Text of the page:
Making hog’s head cheese

Hog’s head cheese, of course, isn’t a cheese made of dairy products; rather, it is a meat jelly known to professional cooks as a “terrine.”

It originated as a peasant food in Europe in the Middle Ages, and only “scrap” parts including the head (minus the eyes, brains and ears), tongue, feet and even skin of the animal were used.

As it became more popular — literally fit for kings — more meat from “noble” cuts such as hams and loins were added.

Mark Falgoust’s version does not include the feet because they are a lot of work to clean, so to provide enough gelatin to bind the product together, he adds commercial gelatin sheets.

He scrapes the head free of hair using a bell scraper, which can be purchased online at Amish Web sites.

Use your seafood boiling rig, with its large pot, to make this dish.

You can’t rush hog’s head cheese. Making it is an all-day affair, although with proper beverages it’s a lot of fun.

Slowly reducing the liquid with heat and skimming it constantly are the keys. Skimming the impurities off the liquid’s surface every few minutes is important; if not done, the impurities will muddle the wonderful pork flavor of the final product. Good hog’s head cheese will have a non-greasy mouth feel, with sharp, crisp flavors.

The product should be slightly over-seasoned before it is put in the molds for refrigeration because foods to be eaten cold need more seasoning than hot foods.

Falgoust stressed that it is important to get 2 parts meat to 1 part liquid before molding to get a sliceable product. The ratio is important.

To see if the hog’s head cheese will set up properly, spread a couple of tablespoons of it in a small bowl and put it in a refrigerator. If it is rubbery or mushy, add water or gelatin as necessary to the mixture before ladling it into the molds.

Mark Falgoust saved the head of his tusker for what else — hog head cheese.

Hog’s head cheese, Falgoust said, can be made without the head — but the tongue, ears, snout and cheek meat give the final product its unique texture. It is wonderful.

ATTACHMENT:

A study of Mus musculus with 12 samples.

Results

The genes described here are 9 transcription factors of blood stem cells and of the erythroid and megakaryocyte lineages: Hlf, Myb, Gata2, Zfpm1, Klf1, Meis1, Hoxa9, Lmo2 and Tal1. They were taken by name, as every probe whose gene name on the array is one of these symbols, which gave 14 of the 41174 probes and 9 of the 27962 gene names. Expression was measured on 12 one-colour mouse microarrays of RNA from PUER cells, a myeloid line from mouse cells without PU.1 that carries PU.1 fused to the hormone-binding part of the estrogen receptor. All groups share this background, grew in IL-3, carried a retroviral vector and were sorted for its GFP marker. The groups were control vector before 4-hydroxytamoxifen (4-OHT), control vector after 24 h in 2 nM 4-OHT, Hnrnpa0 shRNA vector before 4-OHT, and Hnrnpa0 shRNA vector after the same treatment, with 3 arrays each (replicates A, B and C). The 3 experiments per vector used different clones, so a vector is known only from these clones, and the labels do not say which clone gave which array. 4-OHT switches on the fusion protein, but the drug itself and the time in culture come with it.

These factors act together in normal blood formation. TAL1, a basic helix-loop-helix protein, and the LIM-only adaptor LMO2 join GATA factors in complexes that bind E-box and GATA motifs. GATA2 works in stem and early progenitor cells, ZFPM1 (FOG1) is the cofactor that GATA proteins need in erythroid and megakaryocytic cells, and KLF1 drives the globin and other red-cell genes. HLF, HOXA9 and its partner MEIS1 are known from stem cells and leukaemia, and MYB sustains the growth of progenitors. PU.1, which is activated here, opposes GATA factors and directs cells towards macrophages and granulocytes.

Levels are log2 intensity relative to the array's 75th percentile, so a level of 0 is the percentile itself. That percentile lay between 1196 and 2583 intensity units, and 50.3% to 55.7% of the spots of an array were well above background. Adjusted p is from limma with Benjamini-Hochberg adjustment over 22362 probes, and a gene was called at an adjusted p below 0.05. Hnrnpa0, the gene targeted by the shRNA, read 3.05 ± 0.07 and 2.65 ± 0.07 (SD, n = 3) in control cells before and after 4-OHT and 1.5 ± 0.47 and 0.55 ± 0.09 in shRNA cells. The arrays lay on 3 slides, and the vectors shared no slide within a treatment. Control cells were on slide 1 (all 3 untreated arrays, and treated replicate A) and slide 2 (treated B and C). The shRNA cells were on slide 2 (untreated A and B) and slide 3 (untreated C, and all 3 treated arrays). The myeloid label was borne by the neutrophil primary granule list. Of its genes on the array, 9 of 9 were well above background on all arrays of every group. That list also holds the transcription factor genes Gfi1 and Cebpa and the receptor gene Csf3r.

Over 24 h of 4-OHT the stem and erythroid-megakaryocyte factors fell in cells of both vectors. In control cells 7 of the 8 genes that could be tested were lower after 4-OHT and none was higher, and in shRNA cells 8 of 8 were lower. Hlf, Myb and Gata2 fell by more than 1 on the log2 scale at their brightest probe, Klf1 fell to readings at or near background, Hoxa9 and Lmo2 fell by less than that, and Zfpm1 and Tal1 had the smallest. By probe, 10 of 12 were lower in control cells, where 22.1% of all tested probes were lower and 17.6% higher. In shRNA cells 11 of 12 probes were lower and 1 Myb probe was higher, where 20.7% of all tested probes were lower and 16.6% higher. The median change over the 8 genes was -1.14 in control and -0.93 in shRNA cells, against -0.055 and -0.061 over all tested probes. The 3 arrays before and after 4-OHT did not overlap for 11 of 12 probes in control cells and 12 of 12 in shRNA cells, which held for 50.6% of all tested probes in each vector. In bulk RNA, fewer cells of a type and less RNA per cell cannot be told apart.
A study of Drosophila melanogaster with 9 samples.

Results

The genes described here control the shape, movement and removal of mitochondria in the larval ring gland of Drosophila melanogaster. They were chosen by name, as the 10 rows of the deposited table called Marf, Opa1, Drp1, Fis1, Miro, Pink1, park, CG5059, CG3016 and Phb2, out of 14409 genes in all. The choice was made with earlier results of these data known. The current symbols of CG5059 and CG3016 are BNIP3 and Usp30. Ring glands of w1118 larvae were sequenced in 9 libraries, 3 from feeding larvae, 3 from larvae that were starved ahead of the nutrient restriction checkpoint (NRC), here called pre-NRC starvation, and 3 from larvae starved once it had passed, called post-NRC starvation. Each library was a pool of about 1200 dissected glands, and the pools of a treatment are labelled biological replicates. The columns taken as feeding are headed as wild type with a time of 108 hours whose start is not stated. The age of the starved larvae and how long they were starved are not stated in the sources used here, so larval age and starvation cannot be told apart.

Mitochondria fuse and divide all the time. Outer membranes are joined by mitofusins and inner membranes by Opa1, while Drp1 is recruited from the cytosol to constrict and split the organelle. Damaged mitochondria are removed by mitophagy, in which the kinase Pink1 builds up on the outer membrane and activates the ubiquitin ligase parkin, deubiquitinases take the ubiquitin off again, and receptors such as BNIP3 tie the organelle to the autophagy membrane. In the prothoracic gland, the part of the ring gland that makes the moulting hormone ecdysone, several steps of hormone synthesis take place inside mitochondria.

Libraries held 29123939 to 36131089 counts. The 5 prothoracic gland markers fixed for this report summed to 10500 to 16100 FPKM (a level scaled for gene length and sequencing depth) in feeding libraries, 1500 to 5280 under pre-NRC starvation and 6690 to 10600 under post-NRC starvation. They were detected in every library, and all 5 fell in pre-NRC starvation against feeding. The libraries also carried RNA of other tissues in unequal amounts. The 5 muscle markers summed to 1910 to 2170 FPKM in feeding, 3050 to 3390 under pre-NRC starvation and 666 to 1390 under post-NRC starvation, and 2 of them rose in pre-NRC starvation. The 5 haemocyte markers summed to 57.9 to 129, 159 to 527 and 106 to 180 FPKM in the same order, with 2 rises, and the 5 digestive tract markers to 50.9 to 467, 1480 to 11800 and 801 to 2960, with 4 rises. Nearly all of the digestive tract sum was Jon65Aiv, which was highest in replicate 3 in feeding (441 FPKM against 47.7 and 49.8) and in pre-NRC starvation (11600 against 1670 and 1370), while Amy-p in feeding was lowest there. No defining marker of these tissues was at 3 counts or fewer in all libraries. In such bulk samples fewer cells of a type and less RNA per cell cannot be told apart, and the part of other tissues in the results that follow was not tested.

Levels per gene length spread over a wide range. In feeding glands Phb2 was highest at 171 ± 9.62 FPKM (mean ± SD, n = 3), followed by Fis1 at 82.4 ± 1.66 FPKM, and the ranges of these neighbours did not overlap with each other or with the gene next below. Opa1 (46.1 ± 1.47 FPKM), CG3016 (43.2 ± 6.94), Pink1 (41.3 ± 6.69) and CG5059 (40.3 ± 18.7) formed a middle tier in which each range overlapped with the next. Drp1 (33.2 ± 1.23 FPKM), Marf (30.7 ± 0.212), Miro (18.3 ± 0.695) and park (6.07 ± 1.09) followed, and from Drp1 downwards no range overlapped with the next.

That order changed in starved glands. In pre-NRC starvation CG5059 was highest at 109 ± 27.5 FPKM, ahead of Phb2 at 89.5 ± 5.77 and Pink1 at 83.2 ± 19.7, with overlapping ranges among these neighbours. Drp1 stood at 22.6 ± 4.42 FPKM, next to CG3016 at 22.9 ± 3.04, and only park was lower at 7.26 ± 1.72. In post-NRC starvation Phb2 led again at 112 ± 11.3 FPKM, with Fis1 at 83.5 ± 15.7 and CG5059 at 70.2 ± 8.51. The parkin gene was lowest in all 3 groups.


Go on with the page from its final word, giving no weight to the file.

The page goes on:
Here’s his recipe:

Mark’s Hog’s Head Cheese

50 lb. pig parts with the bones, head and heart

Chicken stock

1 gal. diced red bell pepper

2 gal. diced green bell pepper

2 gal diced celery

2 gal. diced onions

2 cups diced garlic

20 bay leaves

1/4 cup parsley

3/4 cup green onions

1/4 cup hot sauce

15 gelatin sheets

Pour enough water in a pot large to cover the pig’s head, and heat to 170 degrees. Cut holes in the pig’s ears to use as handles when dipping the head in the hot water.

Periodically test by pulling on the hair. When the hair begins to loosen, remove the head from the pot. Use a bell scraper to remove the hair from the pig’s head.

Saw the scraped head in half lengthwise, and remove and discard the eyes and brain.

Clean the heart by splitting in vertically and trimming away the arteries and connective tissue at the top of each half.

Place the cleaned head, the cleaned heart and other pig parts in a separate pot. Add half chicken stock and half water to cover the meat by 3 to 4 inches. Add bell pepper, celery, onions, garlic and bay leaves.

Bring to a boil, and then turn down to a simmer and cook until tender, about one hour. Skim often to remove any grease and scum.

Remove the meat from the pot and spread it out to cool for easier handling. Remove the bones and about three-quarters of the fat.

Return the liquid to the heat and reduce by 75 percent. Continue to skim.

Using your fingers, remove the meat from the head and the bones. Cut the meat into bite-size pieces. Thinly slice the ears and snout, and mix with the meat in a bowl.

Discard everything that is not obviously meat.

Add parsley, green onions and hot sauce.

In a separate bowl, soak the gelatin sheets in ice water to soften. Squeeze the water out of the softened sheets, and add two to three cups of the reduced liquid in a pan with the gelatin to dissolve it.

Stir this into the meat mixture, and then add enough liquid to the mixture to form the consistency of a thick stew. Taste for seasoning.

Ladle the mixture into molds and refrigerate until firm.

About Jerald Horst 959 Articles
Jerald Horst is a retired Louisiana State University professor of fisheries. He is an active writer, book author and outdoorsman.